These are chat archives for frictionlessdata/chat

Mar 2017
Rufus Pollock
Mar 17 2017 06:24

Tidy Data by Hadley Wickham +link

A huge amount of effort is spent cleaning data to get it ready for analysis, but there
has been little research on how to make data cleaning as easy and effective as possible.
This paper tackles a small, but important, component of data cleaning: data tidying.
Tidy datasets are easy to manipulate, model and visualise, and have a specific structure:
each variable is a column, each observation is a row, and each type of observational unit
is a table. This framework makes it easy to tidy messy datasets because only a small
set of tools are needed to deal with a wide range of un-tidy datasets. This structure
also makes it easier to develop tidy tools for data analysis, tools that both input and
output tidy datasets. The advantages of a consistent data structure and matching tools
are demonstrated with a case study free from mundane data manipulation chores.


  • Worth a read
  • Would it be worth submitting a "paper" to journal of statistical software about frictionless data (principles and specs)? :-)
Stefan Urbanek
Mar 17 2017 06:35
Interesting paper and interesting perspective on free-form data.
I think it might be worth it once integrated with some of the tools people in the field are using such as Pandas.
Stefan Urbanek
Mar 17 2017 06:47
@rufuspollock I think submitting a paper or some note about frictionless data might be useful. Not sure whether widely understood, but at least will make people think about the problem differently.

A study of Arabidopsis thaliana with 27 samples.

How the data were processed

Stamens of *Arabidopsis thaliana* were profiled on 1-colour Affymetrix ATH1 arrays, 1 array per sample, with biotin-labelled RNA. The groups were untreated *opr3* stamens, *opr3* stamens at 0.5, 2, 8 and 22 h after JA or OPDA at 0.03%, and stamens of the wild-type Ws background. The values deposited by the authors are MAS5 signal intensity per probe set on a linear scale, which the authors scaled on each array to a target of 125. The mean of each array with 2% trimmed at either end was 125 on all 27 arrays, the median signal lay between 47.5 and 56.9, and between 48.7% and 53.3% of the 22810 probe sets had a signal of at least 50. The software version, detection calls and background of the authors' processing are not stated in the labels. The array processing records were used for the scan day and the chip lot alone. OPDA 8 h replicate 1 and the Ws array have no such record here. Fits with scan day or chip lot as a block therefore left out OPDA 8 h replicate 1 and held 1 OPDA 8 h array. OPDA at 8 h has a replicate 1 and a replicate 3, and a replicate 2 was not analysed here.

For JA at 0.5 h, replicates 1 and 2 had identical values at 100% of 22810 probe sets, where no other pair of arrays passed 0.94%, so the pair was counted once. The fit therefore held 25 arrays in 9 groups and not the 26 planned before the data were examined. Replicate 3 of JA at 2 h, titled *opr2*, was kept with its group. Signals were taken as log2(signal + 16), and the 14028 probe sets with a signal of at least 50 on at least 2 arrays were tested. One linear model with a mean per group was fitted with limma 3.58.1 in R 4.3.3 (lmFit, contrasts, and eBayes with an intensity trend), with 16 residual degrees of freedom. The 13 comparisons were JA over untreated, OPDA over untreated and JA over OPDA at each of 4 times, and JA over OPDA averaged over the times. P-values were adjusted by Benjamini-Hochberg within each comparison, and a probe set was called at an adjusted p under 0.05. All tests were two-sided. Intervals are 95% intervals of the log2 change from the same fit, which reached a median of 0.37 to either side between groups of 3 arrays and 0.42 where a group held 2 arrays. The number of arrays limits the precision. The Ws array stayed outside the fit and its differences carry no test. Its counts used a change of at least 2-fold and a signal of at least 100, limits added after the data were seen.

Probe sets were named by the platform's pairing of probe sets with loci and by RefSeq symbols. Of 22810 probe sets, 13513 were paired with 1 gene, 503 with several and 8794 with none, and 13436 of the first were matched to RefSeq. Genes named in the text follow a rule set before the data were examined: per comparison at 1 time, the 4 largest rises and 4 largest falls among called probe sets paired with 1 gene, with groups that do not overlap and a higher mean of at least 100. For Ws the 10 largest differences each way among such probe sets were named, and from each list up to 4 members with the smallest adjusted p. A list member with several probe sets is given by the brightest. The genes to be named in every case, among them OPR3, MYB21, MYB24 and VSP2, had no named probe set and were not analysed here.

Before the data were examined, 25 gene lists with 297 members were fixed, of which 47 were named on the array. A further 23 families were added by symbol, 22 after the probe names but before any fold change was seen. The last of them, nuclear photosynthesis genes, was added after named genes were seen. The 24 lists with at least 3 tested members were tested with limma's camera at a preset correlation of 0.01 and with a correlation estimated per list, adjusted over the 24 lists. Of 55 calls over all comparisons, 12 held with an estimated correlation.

On the other hand, I find "there has been surprisingly little research on how to clean data well” a bit misleading. It might be true within certain domain or probably within scientific community. There has been a plenty of literature about data preparation in the field of data warehousing/BI/data mining. Unfortunately, significant amount of industry practices was not public and kept only within consultancies offering such services.
Stefan Urbanek
Mar 17 2017 06:59

I mean, the specs go far beyond the paper, which seems to solve very basic problem that specs expect to be solved already. I’m assuming it from what the author writes:

The principles of tidy data are closely tied to those of relational databases and Codd’s rela- tional algebra

then he mentions SQL and touches some other approaches or tools (all of which are just frameworks or methods). However, the rest of the paper is rather about putting free-form data into a table or aggregated pivot tables than about actual data cleaning (as is understood in the field).

Therefore yes, publishing about frictionless data is worth it :-)
Paul Walsh
Mar 17 2017 11:14
@rufuspollock worth syncing with @danfowler on this. something he wrote will be getting a journal publication soon, not sure of the details myself.
Sven Willner
Mar 17 2017 16:06

hi. im interested in applying for the frictionless data tool fund for a c++ implementation as that is generally my language of choice. i have few questions regarding that:

  • are you fine with the c++11 standard?
  • which systems should be supported?
  • how should third-party libraries (e.g. for parsing/writing JSON) be licensed? or shall everything be implemented from scratch?
  • what are your requirements regarding test coverage?


Ekpe Samuel
Mar 17 2017 16:17
Good day, I just applied for frictionless data tool fund using java. Any pointers?
Daniel Fowler
Mar 17 2017 22:44
@geniusgeek But Java doesn’t have any pointers! :smile:
@geniusgeek there’s a JavaFX app that reads and writes Table Schema, so you can take a look there:
@/all I did my best at reorganizing the /tools page to show a clear sense of what has been built to date: Comments/fixes/additions welcome!